So there it is. Barack Obama has been elected the next president of the United States. Nothing to be done about it, except to perform the obvious and painful task of conducting a political autopsy to discover exactly why this turn of events has occurred.

But first, I must express sincere gratitude to a large number of my fellow students. After the election was over, several people to whom I had never spoken in my life approached me and inquired in tones of earnest concern how I, presumably one of the only McCain supporters of whom they were aware, was doing. If nothing else, this makes me hopeful that some sort of positive change, whether Obama-induced or otherwise, is occurring on this campus.

The grief-choked answers I gave to these kind souls notwithstanding, my response to this election is probably quite similar to the response of the death row inmate who finally finds himself obliged to sit in the electric chair: no matter how long you have expected something unpleasant, it still hurts when it happens.

I did not harbor any deep illusions that John McCain would win this election; I expected a stronger showing, particularly in Ohio and Florida, but the odds of Pennsylvania flipping looked to be minor at best. My head was quite prepared for the almost inevitable defeat, but that didn’t stop my heart from belching a conflagration of rage, frustration and deep disappointment in the country after Barack Obama passed the cursed threshold that made him our next President. This outpouring of hurt was only magnified by the inebriated celebrations of my fellow students, though looking back on this with a cooler head I don’t grudge them for enjoying their victory.

There are silver linings to this electoral cloud—most importantly, the first black president has been elected. The Democrats did not pass the vaunted 60-seat threshold, which would have made opposition all but impossible. John McCain’s endless tired repeats of the same charisma-deprived slogans (“My friends, I will follow Osama bin Laden to the gates of hell, my friends”) will finally end, to say nothing of the utterly embarrassing performance given by Sarah “Barracuda” Palin, whose sole purpose in this campaign appears to have been rallying the hagfish.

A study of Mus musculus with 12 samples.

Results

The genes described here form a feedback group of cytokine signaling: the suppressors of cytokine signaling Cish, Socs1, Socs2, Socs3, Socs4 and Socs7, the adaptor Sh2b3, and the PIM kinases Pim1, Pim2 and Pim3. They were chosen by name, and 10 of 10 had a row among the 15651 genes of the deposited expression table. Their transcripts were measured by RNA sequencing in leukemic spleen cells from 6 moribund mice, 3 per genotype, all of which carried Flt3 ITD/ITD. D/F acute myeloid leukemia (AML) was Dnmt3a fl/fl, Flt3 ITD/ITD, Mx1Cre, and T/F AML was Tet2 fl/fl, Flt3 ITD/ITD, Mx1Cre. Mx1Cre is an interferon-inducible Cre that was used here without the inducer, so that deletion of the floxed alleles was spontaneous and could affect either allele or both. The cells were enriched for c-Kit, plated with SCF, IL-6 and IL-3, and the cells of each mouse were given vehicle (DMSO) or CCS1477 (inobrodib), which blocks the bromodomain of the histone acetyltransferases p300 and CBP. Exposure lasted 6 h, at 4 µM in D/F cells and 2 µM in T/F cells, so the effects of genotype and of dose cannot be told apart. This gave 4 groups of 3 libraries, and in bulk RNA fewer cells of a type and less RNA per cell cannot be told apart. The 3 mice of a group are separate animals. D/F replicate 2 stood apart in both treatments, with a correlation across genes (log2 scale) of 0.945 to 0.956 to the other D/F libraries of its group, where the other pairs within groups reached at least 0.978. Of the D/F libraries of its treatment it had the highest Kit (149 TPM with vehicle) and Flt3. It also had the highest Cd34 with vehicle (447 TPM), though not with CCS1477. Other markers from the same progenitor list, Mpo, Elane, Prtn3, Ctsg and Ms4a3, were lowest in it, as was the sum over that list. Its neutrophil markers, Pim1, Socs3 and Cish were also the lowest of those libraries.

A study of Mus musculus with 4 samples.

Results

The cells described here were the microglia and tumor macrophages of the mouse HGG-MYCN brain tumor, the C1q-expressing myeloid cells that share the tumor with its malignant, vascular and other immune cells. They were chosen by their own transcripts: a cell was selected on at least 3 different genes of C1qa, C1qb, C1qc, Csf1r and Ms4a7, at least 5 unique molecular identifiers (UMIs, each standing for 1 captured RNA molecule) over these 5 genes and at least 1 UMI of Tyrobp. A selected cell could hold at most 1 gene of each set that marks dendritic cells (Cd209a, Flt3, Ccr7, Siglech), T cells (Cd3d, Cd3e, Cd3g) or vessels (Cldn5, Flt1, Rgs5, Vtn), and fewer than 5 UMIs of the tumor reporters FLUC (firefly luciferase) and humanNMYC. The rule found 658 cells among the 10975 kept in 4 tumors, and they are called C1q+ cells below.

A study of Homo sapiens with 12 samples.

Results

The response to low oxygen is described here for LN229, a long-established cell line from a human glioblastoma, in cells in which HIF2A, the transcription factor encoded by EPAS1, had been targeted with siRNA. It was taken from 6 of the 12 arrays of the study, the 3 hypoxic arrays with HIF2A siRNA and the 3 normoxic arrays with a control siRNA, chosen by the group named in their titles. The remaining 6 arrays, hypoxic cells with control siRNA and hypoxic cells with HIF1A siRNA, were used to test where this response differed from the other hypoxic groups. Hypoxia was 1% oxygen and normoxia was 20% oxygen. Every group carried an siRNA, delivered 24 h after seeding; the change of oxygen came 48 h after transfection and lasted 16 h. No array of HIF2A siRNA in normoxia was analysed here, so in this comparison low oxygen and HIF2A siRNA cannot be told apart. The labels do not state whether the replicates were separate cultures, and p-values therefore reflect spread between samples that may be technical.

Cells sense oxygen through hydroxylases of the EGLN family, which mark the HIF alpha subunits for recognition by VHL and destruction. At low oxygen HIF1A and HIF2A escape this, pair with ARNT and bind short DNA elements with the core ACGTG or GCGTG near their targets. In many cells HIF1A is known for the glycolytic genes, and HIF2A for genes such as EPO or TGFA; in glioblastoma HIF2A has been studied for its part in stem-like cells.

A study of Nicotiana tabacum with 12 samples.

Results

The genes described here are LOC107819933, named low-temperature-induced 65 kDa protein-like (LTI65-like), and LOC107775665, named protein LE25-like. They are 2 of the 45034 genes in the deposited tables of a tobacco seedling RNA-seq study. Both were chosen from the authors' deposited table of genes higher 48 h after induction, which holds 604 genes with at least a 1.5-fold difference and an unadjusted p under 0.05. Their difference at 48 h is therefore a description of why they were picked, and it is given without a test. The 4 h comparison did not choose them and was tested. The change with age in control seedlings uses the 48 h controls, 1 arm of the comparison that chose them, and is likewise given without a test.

And, of course, we conservatives are finally emancipated from the nightmarish prospect of defending a president whose respect for principle and whose popularity are Nixonian at best. Perhaps we can even dare to hope that the GOP has been chastened, and that it will think twice before allowing either the hawkish foreign policy snakes in the grass or the vulgarity-peddling ultra-populists (both fixtures in the last administration) to gain power in this party again. But that may be too optimistic, even in a country whose slogan is (apparently) “Yes, we can!”

And can we? President-elect Obama’s sneers about cynical opposition notwithstanding, that is the crucial question: can we really do whatever we set our minds to? Presumably, at the point where we cannot fly, stop economic scarcity from ravaging our markets or make Britney Spears talented, the answer is either “No” or “Yes, with some exceptions.” Whatever the actual answer, however, there is a more important question: is “Yes, we can” (tacit premise: “And screw anyone who says we can’t”) a good political doctrine? I may be wrong, but speaking for myself, I think this may be the worst political doctrine since “Arbeit macht frei.”

There’s nothing wrong with optimism, but let it become the defining element of your ideology, and the results will not correlate with your expectations. There’s a very simple reason for this: affecting any sort of positive change necessarily has to start with getting rid of the negative elements that stand in the way. This has to be done with a pessimistic eye and an assumption that those negative elements are powerful, entrenched and perhaps more naturally ingrained than the positive ones you want to introduce. This doesn’t mean one should throw up one’s hands, but that one should be aware of how difficult the challenge of changing the world can be.

Ronald Reagan gave the best summation of this vision of the world when he said, “Perhaps there is a simple answer. Not easy, but simple.” I have heard no such moderating element in Barack Obama’s rhetoric, except for a few sinister references by his wife to the fact that we will all have to “sacrifice” to make her husband successful.

Obama faces one of the toughest administrations any entering president will ever face. He has two wars and a recession to fix. These are not problems that can be fixed by pretty slogans like “We are the ones we’ve been waiting for.” If “we” are the ones we’ve been waiting for, then why aren’t “we” president and not Obama? Obama likes to invoke the American tradition of self-reliance, but how is he going to contribute to keeping that tradition alive as president? Moreover, why is it “Yes, we can?” Why not “Yes, I can” if self-reliance and can-do spirit is necessary, which it is?

This points to a larger problem with the “Yes, we can” doctrine: it is a fine doctrine for the individual or the private corporate group, but if you put it in the hands of a government, it leads to overreach at best and tyranny at worst. Since liberalism has existed, its proponents have been trying to perfect human beings and shape them into neat abstractions that will dutifully follow the road to utopia. Given this, it’s justifiable to argue that God should keep us all safe from a politician with a dream, for it inevitably becomes a national nightmare when reality tersely snaps back: “No, you can’t.”

But with that said, best of luck, President Obama. Your loyal opposition will be ready should you fail. And can we make sure you don’t get the opportunity again? Yes, we can.